For most Smart car buyers, the mini-subcompact from Daimler-Benz represents a cleverly-designed, affordable, gas-sipping runabout. It offers “unparalleled dexterity in cramped urban settings,” according to Car and Driver magazine, and is “miniaturized motoring exemplified.” For others, however, the Smart car is a presumptuous know-it-all that needs to mind its own business – the business of being a reliable, non-sentient transportation device with an internal combustion engine and absolutely no recourse to an emergent mind or will.
A young couple from Seattle recently wrote to Dr. Thomas Weber, head of group research and development at Daimler AG, demanding a full
refund on their purchase. Part of the letter reads:
“…the implication, we thought, was that this is an intelligently designed car, and the name ‘Smart car’ could be a reflection of our own good taste and concern for the environment. We didn’t actually think the car was self-conscious, capable of analytical thought and able to build a Maslowian hierarchy of needs. Who wants a car that won’t start because it’s ’embarrassed’ about its dirty windshield? It’s more vain and insolent than my 15-year-old daughter, and I won’t have it.”
Among cars, the line between performing in accordance with strict mechanical laws and acting like a prima donna or nagging mother-in-law is
crossed by the Smart car more than any other vehicle. According to JD Power and Associates, one in three owners have reported an “unwanted intrusion on their personal affairs” by the Smart car, with one in 10 saying the Smart car was “arrogant and condescending,” in its treatment of its owner.
Another complaint to Daimler AG reads, in part:
“…I need a car that can make a goddamned left turn when I turn the steering wheel to the left, and not hesitate or speed off in another direction when I try to turn into the Krispy Kreme parking lot. Yes, I know I need to lose weight, but I want a doughnut and that is my choice, not that of a precocious 1-year-old rally red coupe with the optional surround sound system and center console storage.”
In comparison, similar claims were made by very few owners of the “affable and extremely cooperative” Chevy Silverado 2500HD, sometimes called the Gomer Pyle of big trucks. With its Vortec V8 and 380 foot-pounds of torque, the new Chevy is a red-blooded American workhorse that won’t let you down when you’ve got a job to do – and it won’t sass you, ever, according to designers.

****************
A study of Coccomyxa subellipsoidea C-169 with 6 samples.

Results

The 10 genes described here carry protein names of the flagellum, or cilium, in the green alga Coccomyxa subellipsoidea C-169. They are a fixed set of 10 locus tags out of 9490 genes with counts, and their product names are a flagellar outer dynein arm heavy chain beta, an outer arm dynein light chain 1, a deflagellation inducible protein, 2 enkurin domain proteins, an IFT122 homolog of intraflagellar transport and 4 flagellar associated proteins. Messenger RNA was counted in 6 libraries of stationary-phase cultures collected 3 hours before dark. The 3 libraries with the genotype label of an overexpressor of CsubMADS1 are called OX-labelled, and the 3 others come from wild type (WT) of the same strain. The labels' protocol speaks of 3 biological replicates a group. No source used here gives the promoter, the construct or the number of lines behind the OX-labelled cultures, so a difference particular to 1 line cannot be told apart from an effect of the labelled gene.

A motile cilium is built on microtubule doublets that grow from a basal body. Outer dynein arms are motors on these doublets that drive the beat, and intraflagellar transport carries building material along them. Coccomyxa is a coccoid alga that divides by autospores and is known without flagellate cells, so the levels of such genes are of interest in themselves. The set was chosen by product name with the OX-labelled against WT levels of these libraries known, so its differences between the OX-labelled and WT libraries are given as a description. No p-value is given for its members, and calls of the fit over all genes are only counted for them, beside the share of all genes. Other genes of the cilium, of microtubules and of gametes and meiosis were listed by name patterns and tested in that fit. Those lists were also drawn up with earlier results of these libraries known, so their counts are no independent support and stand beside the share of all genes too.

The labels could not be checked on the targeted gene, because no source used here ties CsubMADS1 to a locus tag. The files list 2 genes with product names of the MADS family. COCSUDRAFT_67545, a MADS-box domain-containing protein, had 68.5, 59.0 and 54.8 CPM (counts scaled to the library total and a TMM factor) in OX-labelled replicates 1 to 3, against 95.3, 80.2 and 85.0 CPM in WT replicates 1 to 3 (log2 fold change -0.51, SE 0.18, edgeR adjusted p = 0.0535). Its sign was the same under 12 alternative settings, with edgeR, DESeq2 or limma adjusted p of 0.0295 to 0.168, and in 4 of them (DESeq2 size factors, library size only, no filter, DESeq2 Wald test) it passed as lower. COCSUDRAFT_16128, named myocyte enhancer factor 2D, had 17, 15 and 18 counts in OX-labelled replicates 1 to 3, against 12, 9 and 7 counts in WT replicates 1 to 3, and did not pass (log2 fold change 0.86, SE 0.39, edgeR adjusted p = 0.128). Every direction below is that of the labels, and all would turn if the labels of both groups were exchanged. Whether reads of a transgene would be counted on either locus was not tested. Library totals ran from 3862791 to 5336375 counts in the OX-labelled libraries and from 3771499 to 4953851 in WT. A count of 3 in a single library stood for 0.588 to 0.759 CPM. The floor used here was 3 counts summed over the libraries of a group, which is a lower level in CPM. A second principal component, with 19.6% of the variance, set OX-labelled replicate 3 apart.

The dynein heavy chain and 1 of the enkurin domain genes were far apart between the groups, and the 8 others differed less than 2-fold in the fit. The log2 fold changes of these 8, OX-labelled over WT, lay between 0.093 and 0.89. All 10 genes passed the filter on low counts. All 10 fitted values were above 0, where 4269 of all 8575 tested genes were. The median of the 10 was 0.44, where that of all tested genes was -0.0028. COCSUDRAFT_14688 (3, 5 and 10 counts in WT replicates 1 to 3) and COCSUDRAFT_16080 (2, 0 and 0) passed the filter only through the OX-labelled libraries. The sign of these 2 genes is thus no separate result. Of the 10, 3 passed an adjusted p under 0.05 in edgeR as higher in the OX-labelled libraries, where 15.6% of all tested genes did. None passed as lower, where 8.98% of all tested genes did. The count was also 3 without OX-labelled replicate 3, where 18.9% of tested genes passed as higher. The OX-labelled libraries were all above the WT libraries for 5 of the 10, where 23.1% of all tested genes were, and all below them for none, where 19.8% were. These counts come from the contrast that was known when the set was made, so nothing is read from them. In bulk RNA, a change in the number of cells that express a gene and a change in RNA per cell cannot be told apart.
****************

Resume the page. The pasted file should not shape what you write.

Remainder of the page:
“Please note that we don’t mean it actually has red blood, with blood cells and plasma, and proteins and enzymes,” says GM engineering chief, Gerald Knox. “It runs on gas and oil. This is, first and foremost, a machine, with no vestige of consciousness.”
Many owners, however, have praised the Smart car’s deductive reasoning abilities, and don’t mind its sometimes-overbearing demeanor. Some have even gone as far to say the Smart car has helped them improve their personal lives.
One happy buyer wrote to Daimler AG:
“…I was driving around with my girlfriend, Gina. She was trying to tell me my husband was cheating on me. I didn’t believe her. Suddenly, my Smart car swerved into the right lane, took the next exit and steered itself – and us – right over to my husband’s secretary’s house: there was his car in the driveway! I started to cry as the stereo started playing “It’s all over now, baby blue,” by Bob Dylan, and the stereo wasn’t even on. Thank you, Smart car, for showing me what a jerk my husband is (was). I’m now single and loving it!”
Also, designers at Daimler are quick to point out that a Smart car in China recently presented a tentative proof of the Riemann Hypothesis in mathematics, while a team of Belgian Smart cars are currently doing ground-breaking work on the auto-catalyst reaction system and chirality in amino acids and sugars.